The Kentucky Wildcats have a rap sheet almost as prolific as their successes. Historically, the team has had teams that have proven to be somewhat shady.
It all started under Adolph Rupp (pictured). In 1949, Kentucky was the most feared team in the nation and went on to win the NCAA championship.
However, they had two suspicious losses, one to Saint Louis and one to Loyola. Later, three players including two All-Americans (Alex Groza and Ralph Beard) admitted to throwing the Loyola game. They were subsequently banned from the pro league forever.
Two years later, in 1951, center Bill Spivey was accused of shaving points, right after coach Rupp said: "Gamblers couldn't touch my boys with a 10-foot pole."
Spivey claimed innocence before a grand jury and was charged with lying under oath. He didn't get convicted, but the NBA prohibited Spivey from ever playing. Sportswriters soon sent Rupp an 11-foot pole after the scandal broke.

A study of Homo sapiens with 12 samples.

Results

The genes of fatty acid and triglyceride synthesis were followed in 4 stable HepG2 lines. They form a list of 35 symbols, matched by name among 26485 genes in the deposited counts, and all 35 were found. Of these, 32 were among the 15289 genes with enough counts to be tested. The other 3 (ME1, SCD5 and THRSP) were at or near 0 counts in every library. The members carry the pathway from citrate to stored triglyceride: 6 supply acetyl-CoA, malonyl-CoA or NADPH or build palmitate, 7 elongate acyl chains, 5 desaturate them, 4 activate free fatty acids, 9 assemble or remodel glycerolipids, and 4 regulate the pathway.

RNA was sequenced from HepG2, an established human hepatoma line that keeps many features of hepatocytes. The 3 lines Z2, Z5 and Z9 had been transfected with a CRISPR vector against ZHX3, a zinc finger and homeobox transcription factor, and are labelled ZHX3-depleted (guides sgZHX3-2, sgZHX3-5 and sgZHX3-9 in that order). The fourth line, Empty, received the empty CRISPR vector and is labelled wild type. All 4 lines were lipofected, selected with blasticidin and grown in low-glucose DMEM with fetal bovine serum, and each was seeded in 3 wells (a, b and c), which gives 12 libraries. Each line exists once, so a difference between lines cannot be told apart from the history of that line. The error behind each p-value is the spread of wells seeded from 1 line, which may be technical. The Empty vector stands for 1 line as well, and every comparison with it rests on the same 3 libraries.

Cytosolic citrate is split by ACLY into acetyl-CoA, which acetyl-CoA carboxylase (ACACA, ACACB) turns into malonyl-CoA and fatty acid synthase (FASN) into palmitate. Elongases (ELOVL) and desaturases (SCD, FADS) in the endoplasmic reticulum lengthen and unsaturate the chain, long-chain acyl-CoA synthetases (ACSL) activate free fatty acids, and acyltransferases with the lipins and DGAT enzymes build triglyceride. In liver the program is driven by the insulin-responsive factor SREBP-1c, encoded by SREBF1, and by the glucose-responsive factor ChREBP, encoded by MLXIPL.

After two scandals in three years, Kentucky became the first team to get the "death penalty" and were banned from play during the entire 1952-53 season.
Many years later, in 1989, head coach Eddie Sutton was implicated in another scandal regarding the paying of recruits. His assistant coach had sent $1,000 to the father of freshman Chris Mills and Kentucky was already under probation.
The NCAA considered another "death penalty" ruling, but instead Eddie Sutton and athletic director Cliff Sutton were forced to resign and the Wildcats got three years of probation and a two-year ban on postseason play.
There haven't been any other sanctions on Kentucky since then, but the hiring of John Calipari has me sitting on the edge of my seat.
With his record, it may not be long before something happens in Lexington. Technically, none of the things he's done in the past have been his fault, but lots of things have gone on under his watch, so it wouldn't surprise me if something else did.